The Credibility of Uncertainty in Public Health

Mignon Lamia

Written by Mignon Lamia

Mignon Lamia is a Vice President in M Booth Health’s Social Impact Practice and believes that connecting people to the facts can and will change the world.

“Should we get antibody tests?” Does anyone really know? My boyfriend, among the tens of millions of Americans who have lost jobs since the economy began cratering due to the COVID-19 pandemic, is anxiously awaiting the day he and others can return to the kitchens, bars, schools, arenas, and theaters their livelihoods (and sanity?) depend on. A source of hope has been the possibility of antibody testing to identify people who have recovered from COVID-19 and who may be immune to and unlikely to spread the infection. In fact, there are quite a few ways that using antibody testing to send people back to work could go horribly wrong. Here’s a big one: many of them are so inaccurate they’re likely to spread false hope—and, with it, new infections.

Manufacturers are touting tests with over 90 percent accuracy, but even ten percent inaccuracy is hugely important when testing lots of people. If you test 100 people in a population where one percent have been infected, you’ll get ten or 11 positive results, but only one of them can be right. That means most—90 percent or more—of the results will be wrong (and, if your goal is to identify individuals with immunity, the data would be falsely reassuring). If infection rates are higher—say five or ten percent—the results aren’t much better, according to this calculator from NPR.

Knowing what these tests can’t tell you is as important as knowing what they can. And the best science communicators—my M Booth Health colleagues among them—know this is true for more than diagnostic tests. Every time we launch a new treatment or prevention intervention, it’s critical we’re clear and precise about the people it may not work for and the circumstances under which it may not be effective. When we say Pre-Exposure Prophylaxis for HIV prevention works, we clarify this means when taken daily it reduces the risk of getting HIV from sex by about 99 percent. We should always be clear that for people with other risk factors or people who don’t or can’t take it consistently, it may be much less effective. Saying what we don’t know protects people’s health and builds trust.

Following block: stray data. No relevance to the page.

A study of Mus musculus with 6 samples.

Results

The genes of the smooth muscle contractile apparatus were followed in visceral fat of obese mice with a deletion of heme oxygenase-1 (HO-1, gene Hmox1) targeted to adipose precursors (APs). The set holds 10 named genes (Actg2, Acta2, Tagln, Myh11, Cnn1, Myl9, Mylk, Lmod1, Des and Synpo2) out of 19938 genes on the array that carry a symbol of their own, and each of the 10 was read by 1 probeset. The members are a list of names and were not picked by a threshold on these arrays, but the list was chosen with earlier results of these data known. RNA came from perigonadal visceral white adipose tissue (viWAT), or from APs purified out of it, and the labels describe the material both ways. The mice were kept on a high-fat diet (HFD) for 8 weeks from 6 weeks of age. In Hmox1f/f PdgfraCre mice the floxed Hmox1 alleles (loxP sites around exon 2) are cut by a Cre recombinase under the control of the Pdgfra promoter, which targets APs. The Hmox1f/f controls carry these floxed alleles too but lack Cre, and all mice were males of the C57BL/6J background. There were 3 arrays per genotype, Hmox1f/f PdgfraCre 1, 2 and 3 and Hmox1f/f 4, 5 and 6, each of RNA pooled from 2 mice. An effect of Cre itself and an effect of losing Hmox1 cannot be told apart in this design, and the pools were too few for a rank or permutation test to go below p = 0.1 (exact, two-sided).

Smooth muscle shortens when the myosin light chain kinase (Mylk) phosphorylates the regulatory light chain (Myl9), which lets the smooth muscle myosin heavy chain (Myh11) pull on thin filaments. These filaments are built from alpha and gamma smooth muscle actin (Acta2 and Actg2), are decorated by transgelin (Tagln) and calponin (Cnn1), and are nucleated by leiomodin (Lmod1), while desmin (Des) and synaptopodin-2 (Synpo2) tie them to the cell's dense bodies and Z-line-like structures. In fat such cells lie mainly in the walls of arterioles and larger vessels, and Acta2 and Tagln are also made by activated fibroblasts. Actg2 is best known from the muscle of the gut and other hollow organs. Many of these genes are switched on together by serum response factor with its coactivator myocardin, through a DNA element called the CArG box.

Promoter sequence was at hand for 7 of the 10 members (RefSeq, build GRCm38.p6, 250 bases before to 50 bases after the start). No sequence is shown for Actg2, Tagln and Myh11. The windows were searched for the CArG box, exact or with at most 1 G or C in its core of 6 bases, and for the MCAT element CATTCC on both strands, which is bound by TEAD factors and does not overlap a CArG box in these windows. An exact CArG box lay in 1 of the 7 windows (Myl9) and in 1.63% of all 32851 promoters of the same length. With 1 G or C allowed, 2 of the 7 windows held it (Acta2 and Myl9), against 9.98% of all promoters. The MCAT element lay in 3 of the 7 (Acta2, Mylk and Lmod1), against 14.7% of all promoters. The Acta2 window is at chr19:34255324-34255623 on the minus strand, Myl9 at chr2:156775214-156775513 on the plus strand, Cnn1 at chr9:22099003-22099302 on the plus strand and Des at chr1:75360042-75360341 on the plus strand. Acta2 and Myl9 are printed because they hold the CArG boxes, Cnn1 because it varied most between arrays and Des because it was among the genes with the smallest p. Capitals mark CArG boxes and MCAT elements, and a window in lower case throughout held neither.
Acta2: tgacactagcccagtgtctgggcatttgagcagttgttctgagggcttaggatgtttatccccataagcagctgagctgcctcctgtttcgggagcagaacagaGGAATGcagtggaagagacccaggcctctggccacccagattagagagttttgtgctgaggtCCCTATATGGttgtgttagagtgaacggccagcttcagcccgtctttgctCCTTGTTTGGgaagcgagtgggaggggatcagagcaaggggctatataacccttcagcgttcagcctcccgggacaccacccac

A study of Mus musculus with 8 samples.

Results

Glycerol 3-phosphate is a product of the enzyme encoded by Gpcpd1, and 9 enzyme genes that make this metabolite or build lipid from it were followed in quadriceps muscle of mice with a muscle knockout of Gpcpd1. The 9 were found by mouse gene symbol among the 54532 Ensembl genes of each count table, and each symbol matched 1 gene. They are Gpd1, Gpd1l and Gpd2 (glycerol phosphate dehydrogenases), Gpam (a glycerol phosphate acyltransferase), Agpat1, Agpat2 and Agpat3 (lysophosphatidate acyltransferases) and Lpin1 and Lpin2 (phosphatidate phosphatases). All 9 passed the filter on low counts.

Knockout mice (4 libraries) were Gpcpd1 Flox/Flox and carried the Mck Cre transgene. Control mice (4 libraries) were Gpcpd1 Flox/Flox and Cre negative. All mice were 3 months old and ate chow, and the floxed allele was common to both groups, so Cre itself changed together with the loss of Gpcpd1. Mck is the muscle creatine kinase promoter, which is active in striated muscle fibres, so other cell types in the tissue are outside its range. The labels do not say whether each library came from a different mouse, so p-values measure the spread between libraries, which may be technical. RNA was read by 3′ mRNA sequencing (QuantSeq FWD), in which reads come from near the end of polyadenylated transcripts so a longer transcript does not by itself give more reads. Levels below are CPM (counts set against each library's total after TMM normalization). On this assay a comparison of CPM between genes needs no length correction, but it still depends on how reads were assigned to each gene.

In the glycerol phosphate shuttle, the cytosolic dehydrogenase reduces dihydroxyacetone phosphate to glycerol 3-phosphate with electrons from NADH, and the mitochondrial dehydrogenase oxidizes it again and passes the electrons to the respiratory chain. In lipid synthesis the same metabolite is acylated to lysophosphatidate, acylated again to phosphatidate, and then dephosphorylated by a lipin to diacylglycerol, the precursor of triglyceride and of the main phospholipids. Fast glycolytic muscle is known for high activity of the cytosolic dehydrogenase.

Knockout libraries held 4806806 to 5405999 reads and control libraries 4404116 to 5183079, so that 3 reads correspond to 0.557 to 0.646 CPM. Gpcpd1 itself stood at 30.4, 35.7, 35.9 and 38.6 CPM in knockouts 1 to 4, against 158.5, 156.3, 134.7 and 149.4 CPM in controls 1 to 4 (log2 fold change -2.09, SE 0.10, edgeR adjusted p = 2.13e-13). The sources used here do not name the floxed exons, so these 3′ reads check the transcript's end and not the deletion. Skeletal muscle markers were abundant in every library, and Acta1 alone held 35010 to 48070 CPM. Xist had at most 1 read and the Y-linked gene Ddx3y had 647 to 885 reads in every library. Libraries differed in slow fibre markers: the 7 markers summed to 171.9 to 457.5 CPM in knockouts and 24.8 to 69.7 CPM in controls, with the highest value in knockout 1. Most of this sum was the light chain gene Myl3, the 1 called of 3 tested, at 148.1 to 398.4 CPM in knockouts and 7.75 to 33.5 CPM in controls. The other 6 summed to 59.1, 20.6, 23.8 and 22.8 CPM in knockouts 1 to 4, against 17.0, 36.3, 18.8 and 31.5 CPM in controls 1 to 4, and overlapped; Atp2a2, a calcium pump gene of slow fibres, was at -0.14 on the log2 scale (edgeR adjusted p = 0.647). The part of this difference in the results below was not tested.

For anyone conveying lifesaving information about COVID19 right now, being clear and honest about what is known and not known is critical to maintaining credibility—responsibility begins with admitting uncertainty. This is equally true for public health leaders issuing prevention guidance, pharmaceutical companies developing treatments and vaccines, and hair salons updating their clients and employees about re-opening plans. It was critical in the first few weeks that COVID-19 emerged in communities across the globe. The people who were reached and told how little we knew about how and how fast this virus could spread were best equipped to physically and mentally prepare for the period we’re in now. Knowing that we didn’t understand this virus created the right amount of caution; believing that we understand it produces a still dangerous laxness.

Conveying what’s still unknown is even more important as we look toward what’s next. As uncertainty persists, we crave someone or something we can rely on—regardless of whether they have answers. The people and organizations that earn our trust by telling us what’s unknown will be trusted sources for the long term.

Public health, business and community leaders: If you tell me you know what will happen tomorrow, I’ll tune out. If you acknowledge you’re not certain whether antibody tests will ensure my safety; you’re not sure if the beaches will be open this summer; and you’re not sure if herd immunity is even possible—I will keep listening, prepare, and act accordingly. For the sake of public health, speak truth.